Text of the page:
When and how did the Highland Park Zoo get its start? | You Had to Ask | Pittsburgh | Pittsburgh City Paper

When and how did the Highland Park Zoo get its start?

Question submitted by: Jim Connelly, Verona

Pittsburgh has never lacked for wildlife displays. Lemming-like behavior can be observed in City Council on Tuesday and Wednesday mornings; and in the South Side, residents use parking chairs in complicated rituals to assert territorial dominance. In fact, Rachel Colker's book The Pittsburgh Zoo: a 100-year history notes that Pittsburgh had a handful of zoos prior to the Highland Park facility's opening on June 14, 1898. The largest of them was in Schenley Park: It boasted more than 350 animals, including an elephant named "Gusky."

But zoos, like their charges, eventually evolve. Pittsburgh's did so by getting a lot larger -- thanks to the designs of Christopher L. Magee. (Yeah, I realize I mixed an evolution metaphor with an intelligent-design metaphor: I'm "teaching the controversy.")

Magee was an interesting specimen himself, a particularly successful hybrid of private interest and public-spiritedness. He was a state senator, newspaper publisher, city official, and owner of a trolley company. He was also the brains behind one of the most powerful political machines in Pittsburgh history.

And he had a gift for camouflage. On Dec. 24, 1895 -- Christmas Eve, no less -- he sent a letter to the city proposing an exchange of gifts:

"No more interesting or instructive institutions can be found in the great cities of the world than the Zoological Gardens," Magee wrote. "They appeal alike to the young and old, and to people in every walk of life. ... I desire on behalf of my associations in the Fort Pitt Traction Company, and for myself, to tender ... suitable buildings for a Zoological Garden, to be erected in Highland Park."

The city, in other words, need only donate the portion of Highland Park necessary for the zoo grounds. The buildings would cost $100,000, Magee estimated, and would be "free to the people." Construction would be subject to the approval of Edward M. Bigelow, who headed the city's Public Works department ... and who happened to be Magee's cousin.

Not surprisingly, city officials jumped on the offer: According to news accounts of the day, city council accepted the gift before the New Year. Pittsburgh wanted to celebrate the natural world its industries were so busily despoiling; as Colker writes, "creating a zoological park became a matter of civic pride" ... and civic shame. After all, by the time Magee sent his letter, "Philadelphia, New York, Cincinnati, and Cleveland" -- Cleveland! -- "already had well established city-sponsored zoological parks."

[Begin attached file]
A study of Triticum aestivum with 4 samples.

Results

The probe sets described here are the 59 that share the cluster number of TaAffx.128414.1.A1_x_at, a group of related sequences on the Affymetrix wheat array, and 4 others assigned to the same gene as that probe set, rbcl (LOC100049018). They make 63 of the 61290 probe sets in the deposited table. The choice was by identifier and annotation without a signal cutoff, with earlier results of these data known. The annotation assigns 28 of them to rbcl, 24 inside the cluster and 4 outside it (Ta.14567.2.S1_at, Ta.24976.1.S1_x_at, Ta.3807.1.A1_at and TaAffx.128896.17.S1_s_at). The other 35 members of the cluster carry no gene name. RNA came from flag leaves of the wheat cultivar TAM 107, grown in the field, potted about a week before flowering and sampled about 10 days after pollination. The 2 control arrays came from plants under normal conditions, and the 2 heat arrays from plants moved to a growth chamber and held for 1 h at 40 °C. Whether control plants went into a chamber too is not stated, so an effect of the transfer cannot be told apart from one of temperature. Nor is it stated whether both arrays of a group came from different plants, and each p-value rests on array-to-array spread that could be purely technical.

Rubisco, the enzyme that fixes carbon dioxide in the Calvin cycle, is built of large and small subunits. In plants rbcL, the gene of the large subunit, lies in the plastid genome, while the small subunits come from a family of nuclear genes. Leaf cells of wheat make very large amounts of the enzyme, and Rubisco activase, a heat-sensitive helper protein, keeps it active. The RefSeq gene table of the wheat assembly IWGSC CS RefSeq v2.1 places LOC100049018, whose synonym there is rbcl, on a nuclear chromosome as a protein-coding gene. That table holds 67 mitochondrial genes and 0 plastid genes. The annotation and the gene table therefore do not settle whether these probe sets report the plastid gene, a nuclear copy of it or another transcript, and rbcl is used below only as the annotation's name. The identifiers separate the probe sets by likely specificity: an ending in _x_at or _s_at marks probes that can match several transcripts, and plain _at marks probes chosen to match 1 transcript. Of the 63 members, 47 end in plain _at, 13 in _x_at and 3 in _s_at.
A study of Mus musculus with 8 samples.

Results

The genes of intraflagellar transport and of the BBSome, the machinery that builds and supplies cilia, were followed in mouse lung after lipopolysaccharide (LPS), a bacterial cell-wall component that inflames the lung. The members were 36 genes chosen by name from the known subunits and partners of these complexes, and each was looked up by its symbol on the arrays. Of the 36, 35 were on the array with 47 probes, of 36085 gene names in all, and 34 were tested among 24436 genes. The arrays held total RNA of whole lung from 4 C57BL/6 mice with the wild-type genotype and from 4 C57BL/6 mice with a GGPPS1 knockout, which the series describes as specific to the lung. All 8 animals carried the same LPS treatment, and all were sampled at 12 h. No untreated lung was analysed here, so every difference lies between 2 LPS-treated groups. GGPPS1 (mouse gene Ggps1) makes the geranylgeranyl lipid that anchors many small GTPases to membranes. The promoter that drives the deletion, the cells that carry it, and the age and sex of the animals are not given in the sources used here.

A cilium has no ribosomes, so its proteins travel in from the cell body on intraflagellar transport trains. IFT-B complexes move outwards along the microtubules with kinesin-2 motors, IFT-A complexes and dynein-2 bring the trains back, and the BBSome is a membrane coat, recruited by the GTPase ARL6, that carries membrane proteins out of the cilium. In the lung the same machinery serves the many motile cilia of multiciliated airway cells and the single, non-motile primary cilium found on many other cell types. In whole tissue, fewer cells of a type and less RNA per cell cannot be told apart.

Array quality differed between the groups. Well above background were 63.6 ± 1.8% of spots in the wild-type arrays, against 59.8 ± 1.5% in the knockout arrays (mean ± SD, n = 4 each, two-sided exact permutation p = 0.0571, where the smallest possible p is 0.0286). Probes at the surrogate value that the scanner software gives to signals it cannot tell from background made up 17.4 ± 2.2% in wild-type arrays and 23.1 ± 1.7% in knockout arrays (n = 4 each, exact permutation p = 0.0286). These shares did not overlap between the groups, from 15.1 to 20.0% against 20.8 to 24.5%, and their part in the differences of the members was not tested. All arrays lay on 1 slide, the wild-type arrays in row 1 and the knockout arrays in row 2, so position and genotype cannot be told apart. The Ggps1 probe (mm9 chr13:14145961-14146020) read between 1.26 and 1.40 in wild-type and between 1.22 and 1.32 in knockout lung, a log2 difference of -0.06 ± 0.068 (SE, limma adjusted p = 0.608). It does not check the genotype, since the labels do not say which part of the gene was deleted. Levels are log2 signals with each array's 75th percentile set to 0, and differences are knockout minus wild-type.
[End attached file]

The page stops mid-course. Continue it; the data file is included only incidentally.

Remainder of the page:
Colker doesn't mention it, but there was a bit of self-interest in Magee's offer as well. In the 1800s, trolley companies routinely built attractions that were designed to attract visitors ... visitors who, hopefully, would take a trolley to see the attraction. Pittsburgh had numerous such attractions, Kennywood not least among them.

It had to warm Magee's heart -- and not purely with public-spiritedness -- to read the following in a Commercial Gazette story about the zoo's opening-day festivities: "The crowds arrived with every street car, and came from all parts of [Pittsburgh]." In fact, Magee himself, "with his associates in the [trolley company,] sat for almost an hour and watched 10,000 of Pittsburgh's population finding pleasure in the new gift." Sure, the public "repaid in appreciation what the Highland Park zoological garden cost in dollars," as the article put it. But some of those trolley fares must have helped as well.

Perhaps not surprisingly, given Pittsburgh's reputation for robber barons, the most popular exhibit was the "Carnivora Room," which housed lions, tigers ... and presumably the occasional machine politician.

The original zoo consisted of a single crescent-shaped structure with an octagonal wing at each end. News accounts lauded the structure's "charming appearance," though no doubt the animals were less impressed. The floors were of concrete, and while the Gazette praised the wainscoting in Gusky's new home, the poor elephant probably would have preferred a few trees.

And things only got worse. The city was responsible for paying the zoo's operating costs, but within a few years there was a growing chorus of complaint about the deteriorating conditions.

As popular as the zoo was, Colker writes, running it "was difficult for the city. It was expensive to maintain the buildings and grounds and difficult to supervise the care of the animals."

Really, what Pittsburgh official of today can't relate?